Publisert 13.09.2022 , sist oppdatert 22.03.2024

The World's Largest Machine

On this site, you get more information about the power system in Norway - and how it's connected to the Nordic region and Europe.

How the Machine Works

Did you know that electricity is a perishable good? Electricity must be produced at the same time as it is used. It needs to be constantly generated at the exact rate in which it is used.

For this to function, production and consumption must be in perfect balance. Nowadays, we take it for granted that the power we need will be there at the flick of a switch. And that’s how it should be. But when everyone wakes up at the same time and gets ready for a new day, that affects the power-grid balance. We should also bear in mind that the really big consumers of power, like the industrial and transport sectors, use as much electricity as large cities do. This creates a complex system.

If we are all to have power when we need it, a common set of rules and regulations and extensive cooperation is required. The power balance is controlled continuously, and electricity producers adapt production to meet consumption, every single second – all the year round.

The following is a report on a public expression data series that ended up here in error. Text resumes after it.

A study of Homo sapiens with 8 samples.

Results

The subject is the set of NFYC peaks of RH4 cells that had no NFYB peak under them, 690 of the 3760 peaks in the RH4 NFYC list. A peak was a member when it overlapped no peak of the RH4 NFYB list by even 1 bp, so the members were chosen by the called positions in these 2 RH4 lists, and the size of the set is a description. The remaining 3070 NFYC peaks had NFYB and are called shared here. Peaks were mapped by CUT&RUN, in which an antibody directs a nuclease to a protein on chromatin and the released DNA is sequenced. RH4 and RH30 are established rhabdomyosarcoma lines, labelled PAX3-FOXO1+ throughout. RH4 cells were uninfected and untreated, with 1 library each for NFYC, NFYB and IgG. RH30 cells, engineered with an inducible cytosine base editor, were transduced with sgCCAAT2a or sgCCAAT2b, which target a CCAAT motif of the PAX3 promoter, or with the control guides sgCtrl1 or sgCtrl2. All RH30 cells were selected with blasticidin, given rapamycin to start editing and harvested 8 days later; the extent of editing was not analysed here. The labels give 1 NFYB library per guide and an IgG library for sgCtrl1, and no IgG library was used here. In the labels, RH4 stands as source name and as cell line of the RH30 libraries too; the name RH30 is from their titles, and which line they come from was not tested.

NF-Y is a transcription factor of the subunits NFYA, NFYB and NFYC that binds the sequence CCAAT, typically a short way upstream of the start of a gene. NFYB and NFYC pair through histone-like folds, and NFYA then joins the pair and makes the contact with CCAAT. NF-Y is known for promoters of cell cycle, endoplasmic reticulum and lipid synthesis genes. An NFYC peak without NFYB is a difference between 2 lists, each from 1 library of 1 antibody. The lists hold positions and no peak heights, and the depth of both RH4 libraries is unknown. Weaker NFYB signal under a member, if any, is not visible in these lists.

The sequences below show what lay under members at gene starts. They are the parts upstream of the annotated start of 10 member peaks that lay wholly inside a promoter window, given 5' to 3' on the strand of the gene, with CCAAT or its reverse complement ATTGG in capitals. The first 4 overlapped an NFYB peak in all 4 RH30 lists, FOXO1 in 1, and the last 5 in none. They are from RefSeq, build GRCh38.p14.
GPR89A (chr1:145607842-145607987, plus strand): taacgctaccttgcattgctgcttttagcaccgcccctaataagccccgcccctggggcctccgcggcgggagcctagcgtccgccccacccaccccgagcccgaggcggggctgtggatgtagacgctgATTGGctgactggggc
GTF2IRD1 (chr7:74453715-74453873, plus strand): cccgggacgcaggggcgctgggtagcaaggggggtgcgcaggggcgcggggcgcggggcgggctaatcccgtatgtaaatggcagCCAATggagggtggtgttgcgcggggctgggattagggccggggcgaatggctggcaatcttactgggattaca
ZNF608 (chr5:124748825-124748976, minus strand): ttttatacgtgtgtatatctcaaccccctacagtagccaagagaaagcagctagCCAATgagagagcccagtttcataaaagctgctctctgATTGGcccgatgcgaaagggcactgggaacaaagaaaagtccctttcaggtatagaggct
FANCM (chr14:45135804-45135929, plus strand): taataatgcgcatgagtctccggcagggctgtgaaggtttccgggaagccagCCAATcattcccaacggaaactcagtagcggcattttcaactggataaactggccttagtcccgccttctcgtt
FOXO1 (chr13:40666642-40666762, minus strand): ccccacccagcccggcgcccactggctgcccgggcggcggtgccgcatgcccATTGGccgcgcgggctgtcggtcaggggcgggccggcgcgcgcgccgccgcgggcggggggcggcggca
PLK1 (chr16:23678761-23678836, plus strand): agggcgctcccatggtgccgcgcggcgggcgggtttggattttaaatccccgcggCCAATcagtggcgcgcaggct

From first local, isolated power grids established in the 19th century, to today’s reality, with the entire country connected in one grid, the Norwegian power system has been expanded and made increasingly robust. This arrangement has provided us all with a more stable power supply, as well as utilizing our resources better.

For the same reason, Norway is now connected with Sweden, Finland and Denmark in a shared power grid. This also means that production and consumption must be balanced at all times, throughout the entire area. In turn, the Nordic grid is connected to the rest of Europe. We are all dependent on each other – and we call this huge network The World's Largest Machine.

Norway usually has a power surplus, but in some periods there is a shortage of electricity, and we need to import from our neighbours. Co-ordination and common ground rules are required for the whole of Europe, rules based largely on the Norwegian/ Nordic power system. It is through this common power market that we can ensure that security of supply is maintained, that electricity is produced when it is needed, and that valuable resources are utilized in the best way.

Norway is moving towards a renewable future. In a restructured society, the need for electricity will increase. We will have to streamline its use while simultaneously ensuring more power production. Increased demand and production will present new challenges, making it more demanding to balance the power system. Other European countries will also undergo this transition. In order to achieve the goal of an emissions-free society, working together with the world's largest machine will be more and more important.